Workers’ compensation cases deal with workplace injuries that employees suffered while on the job. However, not all jobs are the same. While some jobs require a worker to sit at a desk in Kansas City or St. Joseph, other jobs require workers to move throughout the state of Missouri or even go into other states. For example, people who work for railroad companies could see several different states in a single day of work.
This raises a serious, but often overlooked, question: If a worker suffers a slowly-developing personal injury – like cancer because of exposure to a chemical substance – where can they file a claim against their employer? The answer can make a difference because different states have different workers’ compensation schemes that could impact how much an injured worker can receive.
A new Supreme Court case, though, severely limits where injured workers can go to file their claims.
BNSF Railway Co. v. Tyrrell
In BNSF Railway Co. v. Tyrrell, the Supreme Court of the United States heard two case dealing with injured workers – one had a knee injury, while the other case was brought by the wife of a deceased worker, who had contracted kidney cancer from carcinogen exposure. Both workers were hurt while working with BNSF, the second-largest freight railroad company.
The hurt workers filed a lawsuit against BNSF under the Federal Employers’ Liability Act (FELA), a law that applies specifically to railroads and their workers. Importantly, the FELA makes railroads liable to their employees for workplace injuries if the railroad was at least partially negligent. The workers, who were from North and South Dakota, filed their lawsuit in Montana, even though neither one was hurt there.
Supreme Court Limits Where Lawsuits Can Be Filed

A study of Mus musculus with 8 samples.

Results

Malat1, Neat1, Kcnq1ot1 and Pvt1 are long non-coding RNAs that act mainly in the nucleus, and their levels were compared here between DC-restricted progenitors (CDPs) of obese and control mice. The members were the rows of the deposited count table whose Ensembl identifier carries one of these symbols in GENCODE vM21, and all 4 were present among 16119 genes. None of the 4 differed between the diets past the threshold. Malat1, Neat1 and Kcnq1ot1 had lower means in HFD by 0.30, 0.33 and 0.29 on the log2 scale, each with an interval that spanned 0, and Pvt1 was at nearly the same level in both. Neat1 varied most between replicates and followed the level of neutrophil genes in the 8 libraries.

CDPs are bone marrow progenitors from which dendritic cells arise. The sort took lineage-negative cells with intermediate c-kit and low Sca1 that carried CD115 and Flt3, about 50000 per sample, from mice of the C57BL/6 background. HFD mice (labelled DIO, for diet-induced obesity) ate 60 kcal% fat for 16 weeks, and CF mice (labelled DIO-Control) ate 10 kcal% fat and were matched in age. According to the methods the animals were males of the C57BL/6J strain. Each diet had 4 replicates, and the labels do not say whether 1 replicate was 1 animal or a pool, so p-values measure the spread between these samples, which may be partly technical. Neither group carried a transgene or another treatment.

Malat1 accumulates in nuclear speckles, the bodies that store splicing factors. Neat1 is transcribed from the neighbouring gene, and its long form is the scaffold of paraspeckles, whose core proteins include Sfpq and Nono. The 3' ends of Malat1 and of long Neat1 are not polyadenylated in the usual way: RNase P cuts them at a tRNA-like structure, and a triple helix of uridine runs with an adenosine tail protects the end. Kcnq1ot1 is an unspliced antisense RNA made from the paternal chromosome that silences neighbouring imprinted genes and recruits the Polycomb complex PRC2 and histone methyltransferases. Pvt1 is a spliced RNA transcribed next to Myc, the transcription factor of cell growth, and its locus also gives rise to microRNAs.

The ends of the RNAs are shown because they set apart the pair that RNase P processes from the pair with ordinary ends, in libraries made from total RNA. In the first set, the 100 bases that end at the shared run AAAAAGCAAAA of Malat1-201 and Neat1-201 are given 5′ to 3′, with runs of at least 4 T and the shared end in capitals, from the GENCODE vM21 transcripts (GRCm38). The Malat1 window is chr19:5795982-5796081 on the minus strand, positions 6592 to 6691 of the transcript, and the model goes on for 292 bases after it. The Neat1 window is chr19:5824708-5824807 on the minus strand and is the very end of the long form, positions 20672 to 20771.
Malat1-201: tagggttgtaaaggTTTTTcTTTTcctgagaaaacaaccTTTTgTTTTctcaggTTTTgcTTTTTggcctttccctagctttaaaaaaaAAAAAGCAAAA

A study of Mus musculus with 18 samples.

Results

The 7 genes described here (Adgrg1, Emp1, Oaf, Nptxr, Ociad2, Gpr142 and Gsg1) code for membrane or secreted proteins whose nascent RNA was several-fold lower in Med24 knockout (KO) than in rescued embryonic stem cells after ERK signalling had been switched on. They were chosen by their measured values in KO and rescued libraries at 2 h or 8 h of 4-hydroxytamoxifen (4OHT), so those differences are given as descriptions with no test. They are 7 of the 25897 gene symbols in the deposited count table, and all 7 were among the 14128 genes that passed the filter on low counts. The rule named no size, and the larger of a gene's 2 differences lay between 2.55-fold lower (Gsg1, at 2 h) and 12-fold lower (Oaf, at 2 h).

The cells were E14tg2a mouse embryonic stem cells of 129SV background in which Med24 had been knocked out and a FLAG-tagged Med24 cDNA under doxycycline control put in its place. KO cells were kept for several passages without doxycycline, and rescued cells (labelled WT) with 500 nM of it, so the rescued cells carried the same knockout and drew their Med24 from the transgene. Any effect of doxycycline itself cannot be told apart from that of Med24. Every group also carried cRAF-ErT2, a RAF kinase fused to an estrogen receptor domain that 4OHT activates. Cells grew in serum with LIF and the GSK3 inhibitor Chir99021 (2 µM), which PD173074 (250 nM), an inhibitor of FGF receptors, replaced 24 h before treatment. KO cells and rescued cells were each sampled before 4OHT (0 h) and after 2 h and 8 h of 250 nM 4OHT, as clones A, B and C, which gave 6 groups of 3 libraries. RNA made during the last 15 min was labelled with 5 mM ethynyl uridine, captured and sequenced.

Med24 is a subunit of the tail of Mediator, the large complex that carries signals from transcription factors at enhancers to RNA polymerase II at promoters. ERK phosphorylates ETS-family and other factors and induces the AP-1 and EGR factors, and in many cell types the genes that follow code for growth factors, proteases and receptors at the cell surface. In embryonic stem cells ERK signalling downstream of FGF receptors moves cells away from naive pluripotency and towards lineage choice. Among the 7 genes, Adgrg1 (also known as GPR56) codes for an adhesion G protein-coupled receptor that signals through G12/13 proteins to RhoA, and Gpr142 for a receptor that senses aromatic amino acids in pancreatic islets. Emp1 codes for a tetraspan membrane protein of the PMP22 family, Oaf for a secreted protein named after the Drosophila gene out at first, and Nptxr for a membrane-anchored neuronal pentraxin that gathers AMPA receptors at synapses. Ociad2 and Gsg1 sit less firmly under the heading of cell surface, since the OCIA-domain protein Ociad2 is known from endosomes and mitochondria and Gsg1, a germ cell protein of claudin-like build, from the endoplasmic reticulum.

Where a lawsuit can be filed is a hugely complex issue. However, when it comes to corporations, the general rule is that they can be filed wherever the corporation deliberately solicited business, unless this would be unfair under the Due Process Clause of the U.S. Constitution.
Despite the fact that BNSF has plenty of business in Montana – 6% of its total railroad track and 5% of its workforce is there, and it has one of its automotive facilities in the state – the Supreme Court decided that it was not adequately “at home” in Montana to defend a lawsuit. The court suggested that a corporation could only be “at home” in the states where it either had been incorporated, or where it had its principal place of business. For BNSF, that was Delaware and Texas, so the Court dismissed the case.
St. Joseph Workers’ Compensation Attorneys at the Smith Law Office
Cases like these make it far more difficult for hurt workers to get the compensation they need in order to make a full recovery. Because it limits where you can file a lawsuit against your employer, it can make the whole process a logistical nightmare.
The workers’ compensation attorneys at the Smith Law Office work diligently to make sure you get what you need after a workplace accident. Contact us online or call our St. Joseph law office at (816) 875-9373.